Like it or not, agree with it or not, Hockey Canada’s removal of body checking below bantam will have a significant impact on coaching. It’s not something that’s been really discussed much either.
The obvious reason is because checking has long needed to be seen as a skill to be taught rather than a component of a player’s personality which he either could manage or couldn’t. Teach puckhandling? Sure. Agility skating with a puck? Absolutely. Shooting? Of course. Checking or contact skills? Well, hey, that’s what the one-on-one drills are supposed to highlight, right?
So a committee of Hockey Canada people, including a colleague of mine, cobbled together a collection of terrific videos, melded them with four PowerPoint presentations (what was life like before PowerPoint?), and added ice instruction. The aim is simple: what has not been taught as a series of skills by most coaches is now being completely handed over to them.
This hand-off is not without its risks. The clinic of three- to five-hour length (varies somewhat depending on how it’s handled by local branches) is literally placing the entire responsibility of teaching checking skills in the hands of our amateur coaches. Many have little coaching experience and most have formal training amounting to not much more than a day or two of certification clinics. Mentorship remains slapdash in most areas of the country. The flavour of the day in 1999 has evolved only in edible morsels, not in the delectable chunks everyone had hoped to swallow whole.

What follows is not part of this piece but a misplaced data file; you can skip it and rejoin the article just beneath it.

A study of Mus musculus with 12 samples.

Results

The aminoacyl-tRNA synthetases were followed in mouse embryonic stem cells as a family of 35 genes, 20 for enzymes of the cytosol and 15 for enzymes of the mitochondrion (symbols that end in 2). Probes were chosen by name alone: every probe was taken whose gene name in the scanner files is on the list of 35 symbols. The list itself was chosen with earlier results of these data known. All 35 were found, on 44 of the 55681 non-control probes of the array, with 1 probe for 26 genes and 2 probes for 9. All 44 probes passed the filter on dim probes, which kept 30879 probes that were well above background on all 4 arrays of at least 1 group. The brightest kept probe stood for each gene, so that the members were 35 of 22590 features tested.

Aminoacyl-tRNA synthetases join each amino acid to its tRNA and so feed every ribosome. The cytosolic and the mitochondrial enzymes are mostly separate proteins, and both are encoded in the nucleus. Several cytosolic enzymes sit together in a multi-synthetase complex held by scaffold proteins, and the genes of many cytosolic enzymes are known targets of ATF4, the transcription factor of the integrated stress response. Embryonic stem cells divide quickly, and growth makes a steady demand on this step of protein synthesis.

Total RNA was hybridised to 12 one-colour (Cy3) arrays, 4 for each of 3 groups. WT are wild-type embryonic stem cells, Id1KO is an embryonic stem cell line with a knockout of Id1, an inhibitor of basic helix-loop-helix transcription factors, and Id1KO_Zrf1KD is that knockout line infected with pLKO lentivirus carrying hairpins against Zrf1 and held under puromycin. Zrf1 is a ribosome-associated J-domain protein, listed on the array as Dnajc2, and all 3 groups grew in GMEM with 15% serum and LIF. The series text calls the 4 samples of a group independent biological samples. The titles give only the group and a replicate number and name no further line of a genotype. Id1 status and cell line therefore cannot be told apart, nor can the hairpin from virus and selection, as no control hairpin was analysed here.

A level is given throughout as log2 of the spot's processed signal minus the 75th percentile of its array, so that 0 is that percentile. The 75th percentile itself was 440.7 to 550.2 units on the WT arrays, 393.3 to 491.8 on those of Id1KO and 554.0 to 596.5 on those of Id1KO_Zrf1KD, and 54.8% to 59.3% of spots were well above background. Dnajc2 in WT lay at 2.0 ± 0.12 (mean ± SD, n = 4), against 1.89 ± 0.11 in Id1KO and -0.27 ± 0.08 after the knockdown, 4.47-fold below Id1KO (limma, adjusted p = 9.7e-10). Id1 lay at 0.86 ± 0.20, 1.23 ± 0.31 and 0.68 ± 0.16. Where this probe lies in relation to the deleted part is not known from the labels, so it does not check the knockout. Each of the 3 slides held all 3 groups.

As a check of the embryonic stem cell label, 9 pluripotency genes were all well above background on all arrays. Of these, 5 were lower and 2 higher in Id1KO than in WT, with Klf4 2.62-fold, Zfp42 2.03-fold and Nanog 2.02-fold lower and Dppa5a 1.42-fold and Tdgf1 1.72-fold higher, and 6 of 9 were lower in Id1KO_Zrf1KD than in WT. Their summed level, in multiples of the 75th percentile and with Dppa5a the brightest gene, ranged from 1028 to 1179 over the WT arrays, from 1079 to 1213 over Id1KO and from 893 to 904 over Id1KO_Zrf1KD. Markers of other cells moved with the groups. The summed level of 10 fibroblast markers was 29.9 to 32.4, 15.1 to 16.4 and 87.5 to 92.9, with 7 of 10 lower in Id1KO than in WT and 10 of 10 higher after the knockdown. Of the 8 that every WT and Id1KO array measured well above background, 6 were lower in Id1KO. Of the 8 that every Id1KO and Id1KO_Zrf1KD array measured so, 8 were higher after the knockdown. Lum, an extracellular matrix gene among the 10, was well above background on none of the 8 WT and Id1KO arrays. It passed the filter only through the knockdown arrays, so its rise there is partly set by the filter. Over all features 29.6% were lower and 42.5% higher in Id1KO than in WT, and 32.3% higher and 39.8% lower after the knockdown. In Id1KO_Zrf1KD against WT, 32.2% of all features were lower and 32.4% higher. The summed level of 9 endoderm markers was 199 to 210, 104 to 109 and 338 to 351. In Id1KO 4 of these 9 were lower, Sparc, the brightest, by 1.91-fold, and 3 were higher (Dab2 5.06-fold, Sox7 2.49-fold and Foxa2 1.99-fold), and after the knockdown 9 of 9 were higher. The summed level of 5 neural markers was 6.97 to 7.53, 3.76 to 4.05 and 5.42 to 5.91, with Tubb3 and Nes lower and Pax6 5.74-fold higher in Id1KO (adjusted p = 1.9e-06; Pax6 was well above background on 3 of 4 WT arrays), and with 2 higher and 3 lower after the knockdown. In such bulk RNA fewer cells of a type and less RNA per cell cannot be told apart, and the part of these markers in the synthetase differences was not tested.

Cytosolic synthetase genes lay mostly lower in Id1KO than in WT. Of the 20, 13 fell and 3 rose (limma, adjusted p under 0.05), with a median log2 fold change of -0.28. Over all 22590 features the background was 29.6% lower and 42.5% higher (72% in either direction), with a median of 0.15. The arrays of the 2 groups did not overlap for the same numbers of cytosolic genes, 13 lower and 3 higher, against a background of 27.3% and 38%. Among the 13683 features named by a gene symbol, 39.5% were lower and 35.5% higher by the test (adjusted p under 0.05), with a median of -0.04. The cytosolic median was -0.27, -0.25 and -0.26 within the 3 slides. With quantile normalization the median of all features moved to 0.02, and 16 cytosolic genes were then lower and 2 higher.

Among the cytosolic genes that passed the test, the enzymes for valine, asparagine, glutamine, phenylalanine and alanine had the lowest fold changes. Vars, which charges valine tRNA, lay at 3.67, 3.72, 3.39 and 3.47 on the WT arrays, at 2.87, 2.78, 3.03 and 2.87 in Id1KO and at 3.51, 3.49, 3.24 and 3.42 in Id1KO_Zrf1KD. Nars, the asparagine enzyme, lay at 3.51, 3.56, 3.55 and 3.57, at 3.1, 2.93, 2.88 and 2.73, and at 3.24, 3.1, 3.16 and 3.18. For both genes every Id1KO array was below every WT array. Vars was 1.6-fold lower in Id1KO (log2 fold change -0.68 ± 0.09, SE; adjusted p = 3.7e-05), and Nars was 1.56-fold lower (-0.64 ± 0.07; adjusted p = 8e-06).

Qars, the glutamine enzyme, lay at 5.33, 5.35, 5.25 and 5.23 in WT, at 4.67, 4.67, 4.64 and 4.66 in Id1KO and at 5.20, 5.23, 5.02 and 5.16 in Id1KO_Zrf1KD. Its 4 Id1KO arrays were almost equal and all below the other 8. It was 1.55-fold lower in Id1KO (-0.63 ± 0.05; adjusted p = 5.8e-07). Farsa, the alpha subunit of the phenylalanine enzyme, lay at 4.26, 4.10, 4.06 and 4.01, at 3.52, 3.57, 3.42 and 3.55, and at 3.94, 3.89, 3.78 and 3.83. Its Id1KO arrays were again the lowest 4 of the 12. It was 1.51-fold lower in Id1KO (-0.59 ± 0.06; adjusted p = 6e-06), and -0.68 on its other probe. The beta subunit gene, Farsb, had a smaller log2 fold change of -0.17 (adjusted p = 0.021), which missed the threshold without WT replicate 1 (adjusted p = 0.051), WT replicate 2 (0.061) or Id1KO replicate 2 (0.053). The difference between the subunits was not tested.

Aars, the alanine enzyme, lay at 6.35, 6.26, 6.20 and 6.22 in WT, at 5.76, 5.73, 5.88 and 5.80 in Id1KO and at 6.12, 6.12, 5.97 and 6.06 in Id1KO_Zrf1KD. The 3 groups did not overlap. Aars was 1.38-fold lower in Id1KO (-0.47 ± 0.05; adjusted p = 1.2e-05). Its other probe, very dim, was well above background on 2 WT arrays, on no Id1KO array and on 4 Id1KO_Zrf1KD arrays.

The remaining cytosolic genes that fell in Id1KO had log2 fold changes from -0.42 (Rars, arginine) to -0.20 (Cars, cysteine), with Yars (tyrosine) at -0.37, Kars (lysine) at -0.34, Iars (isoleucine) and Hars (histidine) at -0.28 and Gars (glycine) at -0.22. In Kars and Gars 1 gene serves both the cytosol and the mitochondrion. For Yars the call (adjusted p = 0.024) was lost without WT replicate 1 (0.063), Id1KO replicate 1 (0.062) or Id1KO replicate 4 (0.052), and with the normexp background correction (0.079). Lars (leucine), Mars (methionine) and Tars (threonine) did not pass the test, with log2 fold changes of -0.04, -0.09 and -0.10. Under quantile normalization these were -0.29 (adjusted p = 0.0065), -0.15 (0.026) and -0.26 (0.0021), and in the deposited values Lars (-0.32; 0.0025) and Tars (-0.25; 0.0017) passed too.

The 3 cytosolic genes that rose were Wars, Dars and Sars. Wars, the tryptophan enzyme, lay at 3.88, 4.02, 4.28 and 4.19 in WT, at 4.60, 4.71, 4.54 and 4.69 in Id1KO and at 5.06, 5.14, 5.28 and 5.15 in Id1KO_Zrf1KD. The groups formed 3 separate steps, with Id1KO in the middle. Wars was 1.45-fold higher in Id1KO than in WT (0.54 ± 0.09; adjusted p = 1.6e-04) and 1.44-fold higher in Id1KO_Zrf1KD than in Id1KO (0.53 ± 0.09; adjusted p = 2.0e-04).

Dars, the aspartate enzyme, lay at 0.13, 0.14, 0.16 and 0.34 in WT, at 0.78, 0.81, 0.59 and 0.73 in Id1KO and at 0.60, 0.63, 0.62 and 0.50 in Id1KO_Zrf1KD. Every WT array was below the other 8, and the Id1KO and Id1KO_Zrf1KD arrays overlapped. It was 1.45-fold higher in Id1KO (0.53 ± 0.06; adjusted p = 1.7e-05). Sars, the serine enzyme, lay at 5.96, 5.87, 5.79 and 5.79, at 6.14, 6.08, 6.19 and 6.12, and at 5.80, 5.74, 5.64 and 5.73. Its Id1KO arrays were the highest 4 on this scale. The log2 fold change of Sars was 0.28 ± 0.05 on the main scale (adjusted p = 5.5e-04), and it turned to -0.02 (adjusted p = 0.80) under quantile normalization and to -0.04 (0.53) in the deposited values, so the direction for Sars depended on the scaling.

On the other hand, the status quo clearly wasn’t working. Few actually taught checking in any way, shape or form. In many areas, coaches hired local ex-elite players to dash in, spend an hour with a couple of teams, collect a tidy sum, then leave. The one-off event was usually a collection of drills rather than a detailed progression of skills. Plus, there was no follow-up and mostly little distinction made between body contact and body checking, let alone the types of skills required for each.
At least now, as a formal Hockey Canada event, only trained and qualified instructors will lead the way. As well, there will be a formal and vitally important link between the ice session and the off-ice presentations which will offer more education than coaches have ever before received.
Still, those of us who will teach these programs wonder about what happens after coaches attend the new clinics. Then, too, how is that different from any other skill instructions coaches have had in certification clinics? Who will do the follow-up?
Are we then saying that once we’ve put coaches through these clinics, nothing more need be taught?